Bose Corp v Lightspeed Aviation, Inc., Civil Action No. 09-10222-WGY, Memorandum and Order (D. Mass April 26, 2010) (Young, D.J.) [Claim Construction].

Plaintiff Bose Corp. (“Bose”) filed suit against Defendant Lightspeed Aviation, Inc. (“Lightspeed”) alleging that Lightspeed’s Zulu ANR Aviation headsets infringe U.S. Patent No. 5,181,252, entitled “High Compliance Headphone Driving” (the “’252 patent”). The District Court (Young, D.J.) settled claim construction disputes regarding the ’252 patent.

The first claim construction dispute concerned the meaning of “rear cavity.” Lightspeed argued that the rear cavity is an enclosure within and separate from the enclosure of the earcup that is attached to the rear of the baffle and encloses the driver. Bose argued that the rear cavity is the cavity within the earcup that is farthest from the user. The Court found that the construction of the “rear cavity” depended upon the meaning of “earcup wall.” Lightspeed interpreted the “earcup wall” to be the outer lining of the headphone structure, but Bose interpreted the earcup wall to be the whole area behind the baffle and rear cavity. The Court began its analysis by looking at the language of the claim and the patent specification. Contrary to Lightspeed’s argument, the Court found that both the claim language and patent specification supported the notion that there were only two cavities—the front and the rear—within the earcup. The prosecution history and extrinsic evidence confirmed this interpretation. Consequently, the court construed “rear cavity” as “the cavity within the headphone cup structure that is farther from the user and attached to the rear of the baffle.”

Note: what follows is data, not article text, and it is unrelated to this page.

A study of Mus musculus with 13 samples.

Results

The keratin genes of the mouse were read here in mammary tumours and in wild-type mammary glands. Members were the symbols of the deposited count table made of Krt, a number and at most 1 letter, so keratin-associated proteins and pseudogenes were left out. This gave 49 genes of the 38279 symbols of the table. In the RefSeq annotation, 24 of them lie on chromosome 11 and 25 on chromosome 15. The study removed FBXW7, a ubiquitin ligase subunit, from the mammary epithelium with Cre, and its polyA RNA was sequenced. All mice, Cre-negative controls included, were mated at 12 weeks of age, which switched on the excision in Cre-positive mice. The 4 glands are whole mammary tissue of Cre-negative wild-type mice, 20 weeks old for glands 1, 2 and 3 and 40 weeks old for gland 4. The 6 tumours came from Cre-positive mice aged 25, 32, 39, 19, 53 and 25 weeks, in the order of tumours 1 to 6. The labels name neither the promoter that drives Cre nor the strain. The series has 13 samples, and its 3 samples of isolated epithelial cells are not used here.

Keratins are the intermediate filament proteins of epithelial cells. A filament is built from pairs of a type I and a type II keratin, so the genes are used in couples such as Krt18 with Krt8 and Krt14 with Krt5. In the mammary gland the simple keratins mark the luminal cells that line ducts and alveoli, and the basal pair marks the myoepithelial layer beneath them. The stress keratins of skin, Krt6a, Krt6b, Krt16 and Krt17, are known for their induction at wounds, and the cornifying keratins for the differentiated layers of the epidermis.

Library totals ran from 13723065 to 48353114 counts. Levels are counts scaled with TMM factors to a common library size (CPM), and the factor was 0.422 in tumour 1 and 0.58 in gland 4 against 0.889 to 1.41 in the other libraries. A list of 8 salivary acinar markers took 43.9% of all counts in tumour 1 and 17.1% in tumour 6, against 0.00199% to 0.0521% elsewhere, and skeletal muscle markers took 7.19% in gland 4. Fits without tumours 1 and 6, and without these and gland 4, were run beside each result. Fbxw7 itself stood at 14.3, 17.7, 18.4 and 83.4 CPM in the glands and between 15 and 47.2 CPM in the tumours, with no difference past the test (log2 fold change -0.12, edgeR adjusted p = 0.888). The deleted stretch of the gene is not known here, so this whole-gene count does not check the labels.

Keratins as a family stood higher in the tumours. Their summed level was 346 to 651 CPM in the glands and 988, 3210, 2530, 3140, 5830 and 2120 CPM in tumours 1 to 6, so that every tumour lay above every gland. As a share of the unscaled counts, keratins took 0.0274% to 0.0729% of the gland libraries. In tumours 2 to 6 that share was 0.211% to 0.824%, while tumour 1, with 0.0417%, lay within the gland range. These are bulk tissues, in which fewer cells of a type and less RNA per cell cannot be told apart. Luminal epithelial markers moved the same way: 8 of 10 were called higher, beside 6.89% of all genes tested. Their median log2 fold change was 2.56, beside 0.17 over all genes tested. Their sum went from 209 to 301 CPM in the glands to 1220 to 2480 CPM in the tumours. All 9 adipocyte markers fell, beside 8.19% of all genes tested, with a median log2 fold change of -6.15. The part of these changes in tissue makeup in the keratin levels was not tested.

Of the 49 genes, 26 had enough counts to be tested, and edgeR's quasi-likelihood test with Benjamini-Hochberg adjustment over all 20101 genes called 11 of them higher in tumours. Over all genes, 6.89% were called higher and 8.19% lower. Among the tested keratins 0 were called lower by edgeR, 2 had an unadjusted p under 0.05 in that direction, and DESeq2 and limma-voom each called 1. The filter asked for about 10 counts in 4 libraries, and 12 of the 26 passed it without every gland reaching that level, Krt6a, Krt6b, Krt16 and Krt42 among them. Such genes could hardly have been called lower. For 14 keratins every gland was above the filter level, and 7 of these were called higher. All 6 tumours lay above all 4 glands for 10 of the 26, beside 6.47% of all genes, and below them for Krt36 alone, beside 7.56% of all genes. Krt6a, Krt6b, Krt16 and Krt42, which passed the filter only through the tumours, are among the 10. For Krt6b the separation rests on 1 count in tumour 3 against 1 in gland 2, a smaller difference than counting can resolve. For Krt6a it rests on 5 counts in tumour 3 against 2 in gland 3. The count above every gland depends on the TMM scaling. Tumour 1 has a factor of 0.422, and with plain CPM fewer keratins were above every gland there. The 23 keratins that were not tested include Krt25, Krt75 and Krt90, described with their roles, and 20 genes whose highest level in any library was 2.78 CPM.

The next claim construction issue concerned the term “limiting structure” in claim 2 of the ’252 patent. Lightspeed argued that “limiting structure” is a means-plus function term subject to 35 U.S.C. § 112, paragraph 6, and must be “construed to cover the corresponding structure, material, or acts described in the specification and equivalents thereof.” Because the term “means” is not used in claim 2, Lightspeed had the burden of proving that the term “limiting structure” does not recite a “sufficiently definite structure.” The parties presented expert witnesses, which disagreed about whether “limiting structure” is a term understood by “a person of ordinary skill in the art in question at the time of the invention.”

The Court found that the experts cancelled each other out and examined other intrinsic and extrinsic evidence. This examination led to the conclusion that the claims were not in fact means-plus-function claims.

The final claim construction dispute surrounded the term “means for recovering from collapse of the diaphragm” in claim 5. The dispute was whether “means for recovering” includes “raised points” for preventing collapse of the diaphragm. The court looked to the claim language and found that claim 5 addresses indentations while claim 6 addresses raised points. The differences between claims 5 and 6 demonstrated that each claim is meant to solve diaphragm collapse by different means, so the court did not include “raised points” in its construction of “means for recovering from collapse of the diaphragm” in claim 5.